Protests and commentary on social issues facing the nation have become commonplace in the last few months. They’ve spread into the NBA, and seem to be here to stay.
While many players have weighed in on the issue already, nobody has done so as succinctly or bluntly as Andre Iguodala did in a recent press conference:
“The police are definitely needed, (but) at the end of the day it’s just holding them accountable,” Iguodala, a member of the National Basketball Players Association’s executive committee, told USA TODAY Sports. “You hold athletes accountable, right? Whenever we screw up, it’s headline news – ‘how did this guy mess up?’ We’re almost looked at as God-like figures, like we shouldn’t screw up, when we’re actually human beings. They’re looked at as God-like figures as well, but when they do wrong, it’s almost like they didn’t do it. We’re held in the same ideology, but we’re held to different standards.”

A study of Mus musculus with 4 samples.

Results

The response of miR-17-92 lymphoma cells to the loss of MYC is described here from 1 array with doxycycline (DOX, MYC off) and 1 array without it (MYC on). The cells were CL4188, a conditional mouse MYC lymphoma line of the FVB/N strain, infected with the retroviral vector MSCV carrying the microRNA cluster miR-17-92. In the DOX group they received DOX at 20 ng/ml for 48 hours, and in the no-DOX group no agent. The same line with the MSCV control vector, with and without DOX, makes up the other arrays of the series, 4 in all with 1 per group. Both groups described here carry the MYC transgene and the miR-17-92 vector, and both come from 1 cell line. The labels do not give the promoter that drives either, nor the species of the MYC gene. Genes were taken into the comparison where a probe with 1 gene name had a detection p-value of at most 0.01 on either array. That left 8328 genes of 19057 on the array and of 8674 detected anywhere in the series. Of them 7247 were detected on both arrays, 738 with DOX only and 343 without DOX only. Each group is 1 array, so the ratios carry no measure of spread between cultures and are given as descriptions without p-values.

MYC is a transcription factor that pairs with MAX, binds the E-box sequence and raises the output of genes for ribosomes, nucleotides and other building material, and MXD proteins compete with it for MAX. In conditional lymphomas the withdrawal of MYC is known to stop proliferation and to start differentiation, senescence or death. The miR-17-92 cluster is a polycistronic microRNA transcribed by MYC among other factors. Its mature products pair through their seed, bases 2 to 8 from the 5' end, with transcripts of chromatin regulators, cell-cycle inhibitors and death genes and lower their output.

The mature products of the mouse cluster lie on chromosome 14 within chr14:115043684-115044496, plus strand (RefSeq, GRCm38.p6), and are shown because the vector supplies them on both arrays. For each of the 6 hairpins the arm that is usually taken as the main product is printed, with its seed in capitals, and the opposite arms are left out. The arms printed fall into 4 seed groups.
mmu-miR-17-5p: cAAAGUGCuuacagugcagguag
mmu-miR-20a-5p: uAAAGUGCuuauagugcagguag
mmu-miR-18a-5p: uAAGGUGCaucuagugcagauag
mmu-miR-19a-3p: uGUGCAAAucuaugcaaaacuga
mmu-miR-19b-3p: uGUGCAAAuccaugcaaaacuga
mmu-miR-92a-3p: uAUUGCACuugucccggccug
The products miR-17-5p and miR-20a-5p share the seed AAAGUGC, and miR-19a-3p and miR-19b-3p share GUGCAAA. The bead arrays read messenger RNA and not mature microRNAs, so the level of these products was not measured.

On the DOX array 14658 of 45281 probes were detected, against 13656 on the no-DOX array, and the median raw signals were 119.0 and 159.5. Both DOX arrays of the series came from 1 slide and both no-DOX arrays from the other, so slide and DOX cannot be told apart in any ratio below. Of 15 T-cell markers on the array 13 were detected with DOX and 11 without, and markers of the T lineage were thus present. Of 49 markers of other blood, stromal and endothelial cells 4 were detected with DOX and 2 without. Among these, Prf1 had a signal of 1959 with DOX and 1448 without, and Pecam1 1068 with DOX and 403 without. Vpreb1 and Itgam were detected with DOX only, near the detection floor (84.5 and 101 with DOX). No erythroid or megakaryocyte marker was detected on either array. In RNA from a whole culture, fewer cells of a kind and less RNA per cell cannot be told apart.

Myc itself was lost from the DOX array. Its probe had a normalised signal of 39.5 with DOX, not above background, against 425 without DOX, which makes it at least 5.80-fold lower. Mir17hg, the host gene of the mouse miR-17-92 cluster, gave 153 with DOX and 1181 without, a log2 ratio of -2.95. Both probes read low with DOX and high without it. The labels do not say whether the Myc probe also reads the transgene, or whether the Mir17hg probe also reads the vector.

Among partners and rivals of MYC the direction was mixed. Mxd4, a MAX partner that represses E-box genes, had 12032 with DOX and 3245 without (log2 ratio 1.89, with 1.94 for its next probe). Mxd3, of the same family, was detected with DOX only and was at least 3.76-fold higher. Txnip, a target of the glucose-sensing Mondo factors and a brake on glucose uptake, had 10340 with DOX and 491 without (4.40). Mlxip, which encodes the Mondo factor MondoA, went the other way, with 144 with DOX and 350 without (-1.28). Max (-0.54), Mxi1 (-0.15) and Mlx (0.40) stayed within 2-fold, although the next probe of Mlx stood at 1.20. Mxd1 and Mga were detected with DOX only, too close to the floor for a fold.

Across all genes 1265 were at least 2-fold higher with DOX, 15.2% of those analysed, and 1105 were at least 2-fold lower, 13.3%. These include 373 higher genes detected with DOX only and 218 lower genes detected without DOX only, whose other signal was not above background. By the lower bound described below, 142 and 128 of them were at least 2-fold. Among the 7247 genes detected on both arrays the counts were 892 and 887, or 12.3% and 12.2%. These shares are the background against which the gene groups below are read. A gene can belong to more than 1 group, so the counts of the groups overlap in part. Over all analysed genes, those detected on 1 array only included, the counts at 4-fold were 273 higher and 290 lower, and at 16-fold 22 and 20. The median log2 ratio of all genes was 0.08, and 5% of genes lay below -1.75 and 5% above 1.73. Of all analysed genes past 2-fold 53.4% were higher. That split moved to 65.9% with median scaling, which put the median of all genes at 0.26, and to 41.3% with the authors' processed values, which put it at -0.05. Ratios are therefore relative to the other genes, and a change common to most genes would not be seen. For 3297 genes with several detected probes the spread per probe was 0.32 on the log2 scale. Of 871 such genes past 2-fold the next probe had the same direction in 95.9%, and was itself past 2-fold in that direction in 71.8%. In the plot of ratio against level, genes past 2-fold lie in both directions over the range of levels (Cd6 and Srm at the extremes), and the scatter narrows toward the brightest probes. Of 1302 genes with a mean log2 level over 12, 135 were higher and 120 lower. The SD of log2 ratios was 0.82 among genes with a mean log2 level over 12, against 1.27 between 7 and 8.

Iguodala raises an very interesting point here with his analogy. Both professional athletes and police officers have massive expectations placed on them; they’re both expected to perform at their peak level at all times and any mistakes are heavily scrutinized. There’s a common ground between them that many people don’t realize.
When professional athletes face allegations of terrible things, like Derrick Rose’s rape allegations or Ty Lawson’s pattern of DUI arrests, their teammates don’t defend them. The league condemns the actions and the guilty player is expected to acknowledge his mistakes and face a punishment fitting of the crime.
Part of the reason people are so angry with police officers is that they don’t face similar treatment when they do something terrible. The epidemic of police shootings is tragic, but the fact that those cops are almost never punished and their fellow officers often refuse to even admit that any wrong doing occurred is what really enrages people.
Maybe Iguodala’s comment will help each side understand the other, and help foster an unlikely partnership that can work together to help affect real change.